Tuesday, September 18, 2012

Plagiarism and Copyright

In reality plagiarism is synonymous with copyright infringement. We live in a copy and paste world today and it can be very difficult for students to understand the concept of using others' information as if it were their own. 

I think the best way to teach students is to lead by example.  What comes to mind this instant is the lesson that 4th graders are learning in the computer lab right now, taught by a para-professional, about how to copy and paste.  They will be doing reports in class and need to have photos attached as part of their grade.  And they are learning to copy and paste them from the internet.  This  would be the perfect time to introduce students to copyright infringement and the importance of using sites that allow for copy and paste.  Unfortunately, this is totally overlooked.

To help curtail the events of plagiarism, I purchased the World Book Online this year for our students and it has a built in citation piece that will help students to identify their sources more accurately.  As digital literacy increases, so does the need to teach and prepare our students.  It is never to soon to teach paraphrasing and summarizing.  This can and should be done early on in elementary school and in fact, I believe this is addressed as part of the Common Core Standards.  Students in middle school are not sure what the difference is and to be really honest, sometimes I'm not sure that teachers do either. 

Students need a lot of examples and plenty of opportunities to practice. 


  1. You are absolutely right... "Students need a lot of examples and plenty of opportunities to practice." It only makes sense to educate about copyright/plagiarism/citation when you are actually teaching copy/paste or research methods. Teaching these important tools creates responsible learners that can help each other identify mistakes that can be fixed before it becomes an infringement.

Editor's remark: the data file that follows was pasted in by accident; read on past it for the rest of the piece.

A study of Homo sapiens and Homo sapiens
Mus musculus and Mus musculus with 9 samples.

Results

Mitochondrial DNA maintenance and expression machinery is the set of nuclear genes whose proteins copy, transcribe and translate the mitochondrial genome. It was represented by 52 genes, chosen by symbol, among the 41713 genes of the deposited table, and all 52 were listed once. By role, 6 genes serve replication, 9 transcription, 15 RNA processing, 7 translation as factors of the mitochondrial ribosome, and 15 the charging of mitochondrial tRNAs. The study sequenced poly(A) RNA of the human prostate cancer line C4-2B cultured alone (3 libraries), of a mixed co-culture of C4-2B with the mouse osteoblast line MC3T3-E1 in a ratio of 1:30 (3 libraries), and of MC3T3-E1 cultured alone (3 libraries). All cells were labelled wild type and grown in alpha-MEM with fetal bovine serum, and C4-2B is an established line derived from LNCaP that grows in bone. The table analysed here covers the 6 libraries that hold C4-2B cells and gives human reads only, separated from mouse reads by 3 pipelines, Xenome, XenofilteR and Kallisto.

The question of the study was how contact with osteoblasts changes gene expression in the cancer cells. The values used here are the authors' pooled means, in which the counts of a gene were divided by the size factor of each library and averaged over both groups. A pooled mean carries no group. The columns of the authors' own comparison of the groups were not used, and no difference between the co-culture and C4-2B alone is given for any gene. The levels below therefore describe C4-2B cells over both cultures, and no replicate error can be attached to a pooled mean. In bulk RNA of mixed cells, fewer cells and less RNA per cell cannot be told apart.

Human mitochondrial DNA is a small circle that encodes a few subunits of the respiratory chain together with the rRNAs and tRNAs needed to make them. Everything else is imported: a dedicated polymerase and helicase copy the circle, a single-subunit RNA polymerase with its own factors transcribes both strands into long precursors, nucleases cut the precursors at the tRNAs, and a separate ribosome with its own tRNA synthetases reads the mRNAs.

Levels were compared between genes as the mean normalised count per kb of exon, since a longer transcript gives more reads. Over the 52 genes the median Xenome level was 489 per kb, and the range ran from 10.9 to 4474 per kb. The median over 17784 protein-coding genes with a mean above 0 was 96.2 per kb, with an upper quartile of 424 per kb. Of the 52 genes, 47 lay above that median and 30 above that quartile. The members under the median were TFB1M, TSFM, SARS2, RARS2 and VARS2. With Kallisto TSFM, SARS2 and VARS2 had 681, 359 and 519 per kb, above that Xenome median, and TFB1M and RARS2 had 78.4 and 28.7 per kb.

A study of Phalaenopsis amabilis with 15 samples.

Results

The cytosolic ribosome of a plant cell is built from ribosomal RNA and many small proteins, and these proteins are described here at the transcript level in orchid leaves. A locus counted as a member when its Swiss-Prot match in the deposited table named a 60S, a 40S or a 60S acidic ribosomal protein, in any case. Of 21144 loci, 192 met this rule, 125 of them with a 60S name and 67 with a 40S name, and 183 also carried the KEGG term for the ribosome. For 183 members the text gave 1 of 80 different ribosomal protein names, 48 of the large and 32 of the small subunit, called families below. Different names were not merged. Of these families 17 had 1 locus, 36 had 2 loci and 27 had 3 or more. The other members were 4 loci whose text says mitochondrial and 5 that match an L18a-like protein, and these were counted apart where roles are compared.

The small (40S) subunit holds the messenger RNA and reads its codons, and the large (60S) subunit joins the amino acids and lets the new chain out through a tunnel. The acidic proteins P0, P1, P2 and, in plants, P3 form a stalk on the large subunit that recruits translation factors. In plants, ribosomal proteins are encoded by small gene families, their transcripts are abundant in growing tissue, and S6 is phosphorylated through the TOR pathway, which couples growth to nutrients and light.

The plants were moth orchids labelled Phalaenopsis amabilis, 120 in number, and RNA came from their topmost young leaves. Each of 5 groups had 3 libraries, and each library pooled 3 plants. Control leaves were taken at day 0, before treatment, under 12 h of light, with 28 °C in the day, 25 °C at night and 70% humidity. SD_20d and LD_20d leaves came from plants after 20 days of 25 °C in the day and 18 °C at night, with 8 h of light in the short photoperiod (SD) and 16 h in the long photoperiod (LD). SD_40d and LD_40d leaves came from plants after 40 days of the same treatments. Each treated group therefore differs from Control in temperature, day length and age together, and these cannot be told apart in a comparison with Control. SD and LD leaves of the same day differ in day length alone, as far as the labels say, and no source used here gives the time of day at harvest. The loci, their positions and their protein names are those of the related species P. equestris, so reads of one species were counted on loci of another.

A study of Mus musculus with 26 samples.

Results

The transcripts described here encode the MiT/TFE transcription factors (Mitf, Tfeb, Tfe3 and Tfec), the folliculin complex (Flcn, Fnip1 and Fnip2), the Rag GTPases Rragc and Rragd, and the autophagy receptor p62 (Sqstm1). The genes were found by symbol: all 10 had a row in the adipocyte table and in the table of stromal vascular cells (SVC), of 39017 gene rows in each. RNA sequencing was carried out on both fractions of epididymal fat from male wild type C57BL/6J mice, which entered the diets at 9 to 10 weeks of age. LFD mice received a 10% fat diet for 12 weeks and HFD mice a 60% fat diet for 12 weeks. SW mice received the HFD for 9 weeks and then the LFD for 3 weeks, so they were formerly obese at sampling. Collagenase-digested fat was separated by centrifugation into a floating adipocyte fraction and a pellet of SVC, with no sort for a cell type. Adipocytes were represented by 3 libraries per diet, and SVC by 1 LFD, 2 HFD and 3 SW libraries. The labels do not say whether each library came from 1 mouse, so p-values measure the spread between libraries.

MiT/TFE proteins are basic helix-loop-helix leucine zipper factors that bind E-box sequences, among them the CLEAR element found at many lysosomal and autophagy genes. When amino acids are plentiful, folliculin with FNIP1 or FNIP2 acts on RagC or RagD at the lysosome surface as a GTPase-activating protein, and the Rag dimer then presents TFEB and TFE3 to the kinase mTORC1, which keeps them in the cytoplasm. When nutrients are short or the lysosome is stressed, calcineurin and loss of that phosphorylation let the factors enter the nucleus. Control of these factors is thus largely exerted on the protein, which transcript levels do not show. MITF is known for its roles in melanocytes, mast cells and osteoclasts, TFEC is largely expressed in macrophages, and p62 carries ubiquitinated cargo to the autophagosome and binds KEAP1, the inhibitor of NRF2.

2. I think we have to teach our students to give credit where credit is due. Teachers have to understand the rules of "Fair Use" too. Just because you "mashup" information you still have to cite the sources. As educators we have to ensure our work is cited too and point that out to students during lessons. The earlier we start setting this example the better. Personally I haven't been to any Professional Development seminars where it talks about the differences between fair use, copyright, and plagiarism.

  3. I teach my 5th graders summarizing, but I don't do much with teaching paraphrasing. I think most people often forget or don't think they need to give credit to sources that they summarize or paraphrase. Pointing it out during the lesson would be a great way to teach them about citing sources.

  4. I agree with your statement about our "copy and paste" world. It is so easy to just swipe and click and boom-you're done! Especially when we are looking at sources on the Internet. I think teaching students to cite print sources makes a lot more sense to them, but it is even more important in our copy-paste world to teach them how to cite their electronic resources.